I didn’t vote for Al Gore in 2000. I didn’t vote for Donald Trump in 2016. Why? Among other reasons, a lack of eye contact.
In the 2016 primary, as a registered Republican, I voted for John Kasich—a good, intelligent and decent man, I think, with whom I disagree on some issues. In fact, that set of phrases can be applied to every presidential candidate I’ve ever voted for. In the general election, honestly, I can say that about most of the two parties’ candidates throughout my life.
George H.W. Bush? A good, intelligent and decent man with whom I disagree on some issues.
Bob Dole? A good, intelligent and decent man with whom I disagree on some issues.
John McCain? A goddamned hero and idol of mine, with whom I disagree on some issues.
Oddly, there are two men, one a Democrat and one a Republican, that I would not say that about. If I were a better man, my differences with a candidate would be based solely on major issues. As a lesser man, the cause of my disregard of these two men is based solely on personal interactions with them. Let me explain.
As a relatively politically active voter in the first primary state, I’ve met almost all the ultimate nominees, either during the primary or during the general election. “Met” is a relative term—I haven’t had a one-on-one meal with any candidates who made it out of New Hampshire (Hi, Bruce Babbitt—you were better than you got!). Still, I’ve had, say, at least a three-minute conversation with all the finalists, and only two of them struck me as not good, intelligent and decent.
In 1987, four or five months before the 1988 primary (and before I’d signed on with the sainted but doomed Babbitt campaign), I was making the rounds of political coffees, getting to know Dick Gephardt, Paul Simon (not THAT Paul Simon), Mike Dukakis, etc. In August, at a garden party in Nashua, I had a chance to meet Al Gore, Tennessee Senator and presidential candidate. I’ve always been a reader or subscriber to The New Republic, a neoliberal magazine that was excited about Gore. Both Gore and I had been military journalists—he in Vietnam—so I expected to feel simpatico; instead, I felt dismissed and disrespected, as Gore, while talking with me, kept his gaze resolutely over my left shoulder as if looking for a cameraman to come into his sight. During our three minutes, he did respond to my questions, but never met my gaze. I know it’s petty, but I swore on that August evening, I would never vote for Al Gore for president. And I didn’t. When he was the 2000 Democratic nominee, running against George W. Bush, I wrote in John McCain, a wasted vote, I know, but a vote for a man who is good, intelligent and decent.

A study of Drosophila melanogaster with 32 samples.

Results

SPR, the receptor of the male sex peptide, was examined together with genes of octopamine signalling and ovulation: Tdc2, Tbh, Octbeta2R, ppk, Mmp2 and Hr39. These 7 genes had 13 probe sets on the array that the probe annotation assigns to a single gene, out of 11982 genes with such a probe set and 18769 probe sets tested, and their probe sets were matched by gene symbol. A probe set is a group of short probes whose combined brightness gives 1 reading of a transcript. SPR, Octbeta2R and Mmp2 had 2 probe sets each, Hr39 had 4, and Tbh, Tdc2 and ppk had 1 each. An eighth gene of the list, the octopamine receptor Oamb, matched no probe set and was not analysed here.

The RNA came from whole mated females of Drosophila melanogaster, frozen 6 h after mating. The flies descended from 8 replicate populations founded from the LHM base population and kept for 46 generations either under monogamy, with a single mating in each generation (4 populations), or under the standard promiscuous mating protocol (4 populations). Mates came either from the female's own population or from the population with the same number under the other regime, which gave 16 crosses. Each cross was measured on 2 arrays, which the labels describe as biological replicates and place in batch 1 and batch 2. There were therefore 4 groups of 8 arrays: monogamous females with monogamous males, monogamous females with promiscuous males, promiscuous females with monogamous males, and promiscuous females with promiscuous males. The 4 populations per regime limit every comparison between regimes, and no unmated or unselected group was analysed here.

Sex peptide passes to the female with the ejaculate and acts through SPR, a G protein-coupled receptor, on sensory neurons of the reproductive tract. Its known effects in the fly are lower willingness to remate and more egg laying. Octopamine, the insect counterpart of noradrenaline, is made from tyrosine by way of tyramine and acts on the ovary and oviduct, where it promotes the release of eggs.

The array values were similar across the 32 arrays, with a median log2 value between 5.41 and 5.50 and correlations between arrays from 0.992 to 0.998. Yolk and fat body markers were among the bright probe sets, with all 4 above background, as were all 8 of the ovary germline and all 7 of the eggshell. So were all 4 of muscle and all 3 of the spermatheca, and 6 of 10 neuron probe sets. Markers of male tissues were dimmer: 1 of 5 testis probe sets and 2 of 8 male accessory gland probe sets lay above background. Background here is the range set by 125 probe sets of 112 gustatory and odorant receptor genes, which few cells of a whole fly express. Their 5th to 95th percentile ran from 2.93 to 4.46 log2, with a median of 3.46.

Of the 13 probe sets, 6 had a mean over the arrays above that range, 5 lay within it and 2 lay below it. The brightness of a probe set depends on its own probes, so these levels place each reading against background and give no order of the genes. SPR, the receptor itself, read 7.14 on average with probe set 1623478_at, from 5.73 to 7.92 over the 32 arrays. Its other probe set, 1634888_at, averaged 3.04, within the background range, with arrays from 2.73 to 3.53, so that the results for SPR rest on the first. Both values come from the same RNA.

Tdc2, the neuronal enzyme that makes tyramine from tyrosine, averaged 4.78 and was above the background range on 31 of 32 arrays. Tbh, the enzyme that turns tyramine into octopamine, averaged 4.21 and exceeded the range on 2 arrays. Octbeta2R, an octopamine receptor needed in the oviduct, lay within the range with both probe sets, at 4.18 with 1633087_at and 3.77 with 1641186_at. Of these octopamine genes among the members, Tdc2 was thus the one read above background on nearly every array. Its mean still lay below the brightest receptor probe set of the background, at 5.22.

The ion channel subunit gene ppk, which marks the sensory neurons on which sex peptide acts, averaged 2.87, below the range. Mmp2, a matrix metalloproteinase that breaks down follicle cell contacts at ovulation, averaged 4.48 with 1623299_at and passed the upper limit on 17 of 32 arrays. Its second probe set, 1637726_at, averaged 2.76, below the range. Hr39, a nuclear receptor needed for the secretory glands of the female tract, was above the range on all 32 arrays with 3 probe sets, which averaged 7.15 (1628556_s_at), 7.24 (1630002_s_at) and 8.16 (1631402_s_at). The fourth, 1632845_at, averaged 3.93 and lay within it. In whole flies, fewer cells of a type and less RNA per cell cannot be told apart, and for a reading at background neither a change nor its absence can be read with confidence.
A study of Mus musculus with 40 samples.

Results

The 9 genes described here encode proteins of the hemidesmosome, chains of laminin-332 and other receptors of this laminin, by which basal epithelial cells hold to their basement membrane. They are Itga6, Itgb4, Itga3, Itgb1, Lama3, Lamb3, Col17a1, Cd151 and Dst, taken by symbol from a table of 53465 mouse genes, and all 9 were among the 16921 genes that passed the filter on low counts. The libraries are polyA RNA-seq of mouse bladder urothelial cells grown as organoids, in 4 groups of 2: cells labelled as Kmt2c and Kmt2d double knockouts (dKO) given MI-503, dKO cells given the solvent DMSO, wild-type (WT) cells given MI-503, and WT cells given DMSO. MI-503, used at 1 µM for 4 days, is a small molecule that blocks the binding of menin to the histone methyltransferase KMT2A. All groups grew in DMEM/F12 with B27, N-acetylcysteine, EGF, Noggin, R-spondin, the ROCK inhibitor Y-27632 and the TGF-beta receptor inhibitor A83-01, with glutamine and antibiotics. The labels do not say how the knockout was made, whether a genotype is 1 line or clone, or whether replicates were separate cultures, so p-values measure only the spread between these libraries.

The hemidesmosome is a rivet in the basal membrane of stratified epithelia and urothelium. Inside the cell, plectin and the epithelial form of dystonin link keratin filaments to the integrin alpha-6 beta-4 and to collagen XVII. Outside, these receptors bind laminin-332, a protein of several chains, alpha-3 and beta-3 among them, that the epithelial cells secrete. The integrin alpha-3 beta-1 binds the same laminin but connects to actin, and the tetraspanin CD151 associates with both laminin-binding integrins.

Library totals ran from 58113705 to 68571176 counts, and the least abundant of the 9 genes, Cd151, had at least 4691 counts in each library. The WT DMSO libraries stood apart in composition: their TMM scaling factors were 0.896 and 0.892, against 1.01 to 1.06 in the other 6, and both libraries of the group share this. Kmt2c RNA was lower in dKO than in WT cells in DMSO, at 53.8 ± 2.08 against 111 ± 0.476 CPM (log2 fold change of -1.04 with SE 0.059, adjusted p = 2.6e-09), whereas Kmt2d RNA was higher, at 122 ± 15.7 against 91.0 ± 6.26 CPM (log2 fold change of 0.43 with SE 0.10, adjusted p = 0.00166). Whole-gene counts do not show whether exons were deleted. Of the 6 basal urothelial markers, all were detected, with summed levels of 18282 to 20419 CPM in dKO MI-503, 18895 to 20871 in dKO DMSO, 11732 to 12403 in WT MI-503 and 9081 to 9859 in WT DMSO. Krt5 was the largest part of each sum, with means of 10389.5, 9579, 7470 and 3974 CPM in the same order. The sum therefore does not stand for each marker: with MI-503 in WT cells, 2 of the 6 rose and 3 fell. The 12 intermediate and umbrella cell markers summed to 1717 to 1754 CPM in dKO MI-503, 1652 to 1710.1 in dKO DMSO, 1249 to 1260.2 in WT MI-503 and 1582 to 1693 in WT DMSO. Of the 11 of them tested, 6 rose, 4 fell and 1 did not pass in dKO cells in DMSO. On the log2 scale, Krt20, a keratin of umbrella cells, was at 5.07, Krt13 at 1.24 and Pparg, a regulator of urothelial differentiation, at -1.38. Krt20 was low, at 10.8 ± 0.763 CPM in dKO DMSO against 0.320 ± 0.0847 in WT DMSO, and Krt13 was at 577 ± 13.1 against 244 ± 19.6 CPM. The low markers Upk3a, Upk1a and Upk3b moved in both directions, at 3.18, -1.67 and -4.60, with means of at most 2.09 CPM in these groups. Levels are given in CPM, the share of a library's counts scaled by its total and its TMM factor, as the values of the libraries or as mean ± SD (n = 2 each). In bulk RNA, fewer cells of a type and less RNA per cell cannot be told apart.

The second candidate I can’t describe as good, intelligent and decent is Donald Trump, again because of a personal encounter, this time 10 days before the general election. I’ll write more soon about this meeting, at which I kept a ton of notes, but the quick takeaway is the Trump campaign had arranged a meeting between the candidate and a small group of folks who’d been impacted by the opiate epidemic. I happened to be seated within arm’s reach of the candidate, so was able to observe him for the 20 minutes or so he granted this group. During this time, while mothers wept for their lost children, health-care providers shared stories of addicts turned away to overdose alone and addicts in recovery talked of what worked for them, Donald Trump stared down at his cell phone, like a back-row high-school sophomore during a boring assembly. While he may have been reading important messages regarding campaign strategy (or playing Fruit Ninja, for all I know), he was able to ignore true human tragedy in the form of stories, tragedy being directed to him in hopes that, if elected, he could ease that pain. Since his campaign had asked folks to bring their concerns to the candidate, Donald Trump might have at least given the appearance of paying attention to their grief.
And Al Gore might have looked me in the eye.
I don’t think basic goodness is too much to ask for, nor is intelligence or decency, but to accept less is to ask for far too little.